Mark to Marc
The blame game is in full swing at Hewlett-Packard over the wayward technology conglomerate’s $8.8 billion write-down of Autonomy. The company pins the fiasco on the British software company for inflating its books. Chief Executive Meg Whitman also faults herself, her predecessor and a departed chief of strategy. Fingers are being pointed at Autonomy’s auditors while investment bankers on both sides of the 2011 deal are no doubt furiously huddling with legal counsel. Yet there’s at least one more name to add to the recrimination list: HP director Marc Andreessen.
It may sound heretical to rope in the wunderkind who founded Netscape, the web browser that effectively brought the Internet to the masses in the 1990s. Andreessen is also a visionary who warned a little over a year ago that “software is eating the world.” Surely the pointy-headed engineer who cautioned “we are in the middle of a dramatic and broad technological and economic shift” is precisely the sort of sage a relative pterodactyl like HP needs on board.
In fact, Andreessen’s alarmist perspective appears to have infected the board’s wider judgment. Take Autonomy. Andreessen was the biggest proponent for the acquisition among the company’s directors, according to people familiar with the board’s deliberations. Given his view about the digestive powers of software, expounded in a Wall Street Journal editorial two days after the Autonomy deal was announced and cratered HP’s shares, it’s probably not surprising. But the zeal with which HP approached Mike Lynch’s creation suggests something akin to panic.
Indeed, it’s not merely that HP paid way more than Autonomy was worth. That much is now clear in retrospect – and, from HP’s perspective, perhaps for devious reasons. Even at the time, though, it looked loony. A few months before the Autonomy purchase was unveiled in August 2011, Oracle boss Larry Ellison passed on the chance. “Oracle refused to make an offer because Autonomy’s current market value of $6 billion was way too high,” Ellison said in an oddly bitchy September statement after having met with Autonomy founder Lynch in April.
Autonomy isn’t the only black mark on Andreessen’s record since he joined the HP board in 2009. He was also one of the lead directors responsible for recruiting Leo Apotheker, whose fear of the looming appetite of software scared HP into squandering shareholders’ treasure on Autonomy. Moreover, a majority of HP directors did not actually meet Apotheker before his appointment. That effectively meant Andreessen was given extraordinary powers in choosing HP’s leader. By that token, he arguably bears a larger share of the responsibility for the poor choices made by his chosen executive.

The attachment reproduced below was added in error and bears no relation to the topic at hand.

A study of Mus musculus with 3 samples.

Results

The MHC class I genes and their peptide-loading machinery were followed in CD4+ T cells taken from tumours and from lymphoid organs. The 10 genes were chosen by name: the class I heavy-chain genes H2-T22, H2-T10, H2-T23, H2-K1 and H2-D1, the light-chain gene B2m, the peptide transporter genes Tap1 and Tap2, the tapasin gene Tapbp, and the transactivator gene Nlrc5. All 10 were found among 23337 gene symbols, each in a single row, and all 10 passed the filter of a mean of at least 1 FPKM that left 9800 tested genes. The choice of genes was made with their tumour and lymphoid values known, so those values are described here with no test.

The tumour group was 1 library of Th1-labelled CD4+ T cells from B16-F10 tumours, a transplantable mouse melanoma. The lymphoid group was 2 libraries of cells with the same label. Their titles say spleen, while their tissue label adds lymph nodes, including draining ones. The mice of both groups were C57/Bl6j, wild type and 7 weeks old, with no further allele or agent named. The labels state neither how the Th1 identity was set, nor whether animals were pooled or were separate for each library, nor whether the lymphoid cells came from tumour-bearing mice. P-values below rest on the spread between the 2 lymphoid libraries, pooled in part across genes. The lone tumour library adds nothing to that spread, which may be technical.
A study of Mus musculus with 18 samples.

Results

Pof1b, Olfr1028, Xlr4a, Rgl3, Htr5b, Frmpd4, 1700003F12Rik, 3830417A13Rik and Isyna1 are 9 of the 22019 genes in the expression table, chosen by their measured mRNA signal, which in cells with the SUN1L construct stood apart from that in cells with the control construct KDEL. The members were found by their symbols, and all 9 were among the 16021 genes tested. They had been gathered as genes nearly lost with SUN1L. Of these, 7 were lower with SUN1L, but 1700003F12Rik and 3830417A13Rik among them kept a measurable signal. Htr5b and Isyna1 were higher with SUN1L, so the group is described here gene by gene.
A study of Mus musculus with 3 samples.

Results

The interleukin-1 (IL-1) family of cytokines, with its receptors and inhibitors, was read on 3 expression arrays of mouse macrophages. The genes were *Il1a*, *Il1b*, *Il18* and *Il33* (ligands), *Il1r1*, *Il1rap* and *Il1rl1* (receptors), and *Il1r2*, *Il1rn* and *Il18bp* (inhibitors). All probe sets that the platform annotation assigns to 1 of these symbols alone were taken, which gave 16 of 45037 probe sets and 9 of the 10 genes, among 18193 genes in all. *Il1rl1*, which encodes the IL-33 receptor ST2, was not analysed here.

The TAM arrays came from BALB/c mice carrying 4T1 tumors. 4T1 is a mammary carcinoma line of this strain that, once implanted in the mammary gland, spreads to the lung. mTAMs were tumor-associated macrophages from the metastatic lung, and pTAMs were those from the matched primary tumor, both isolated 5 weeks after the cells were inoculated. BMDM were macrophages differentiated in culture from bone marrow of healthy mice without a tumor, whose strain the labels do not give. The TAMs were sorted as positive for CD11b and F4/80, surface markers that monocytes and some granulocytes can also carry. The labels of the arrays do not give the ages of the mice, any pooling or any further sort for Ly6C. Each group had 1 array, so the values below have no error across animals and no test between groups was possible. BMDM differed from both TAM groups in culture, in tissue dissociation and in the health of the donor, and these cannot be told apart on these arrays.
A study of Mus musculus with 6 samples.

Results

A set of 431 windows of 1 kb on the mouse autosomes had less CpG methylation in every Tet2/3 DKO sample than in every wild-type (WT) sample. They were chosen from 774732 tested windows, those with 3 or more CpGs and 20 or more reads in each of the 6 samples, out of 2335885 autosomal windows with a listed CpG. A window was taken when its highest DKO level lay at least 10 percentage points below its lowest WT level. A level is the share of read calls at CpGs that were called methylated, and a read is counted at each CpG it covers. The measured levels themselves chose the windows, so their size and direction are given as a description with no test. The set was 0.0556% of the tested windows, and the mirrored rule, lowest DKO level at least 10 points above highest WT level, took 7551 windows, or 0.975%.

Andreessen’s missteps don’t end there. Six months after he joined the board, HP paid $1.2 billion for Palm. Like the Autonomy debacle, that deal was predicated on HP’s ambitions to snag a position in the software business. As HP said at the time, “Palm’s innovative operating system provides an ideal platform to expand HP’s mobility strategy.” It wasn’t long before all vestiges of Palm were effectively exterminated from the HP product line. At least Palm only cost a tenth of Autonomy.
As a member of Silicon Valley’s in-crowd, Andreessen sits on other corporate boards, including those of Facebook and Ebay. He also has an eponymous venture capital firm. That means he’s probably pretty busy. And maybe his multi-tasking has some merits. He was, for instance, able to lend a hand to Ebay, on whose board he sat, when it needed a buyer to take Skype off its hands. Andreessen Horowitz was one of the investors that acquired the video telephony firm for $2.75 billion from the online auction company. Skype was sold two years later for $8.5 billion to Microsoft.
As an investor, a technologist and an entrepreneur, Andreessen deserves a place in the World Wide Web Hall of Fame. Nothing about his tenure at HP, however, suggests he should join the pantheon of great directors. In fact, he has already overstayed his welcome.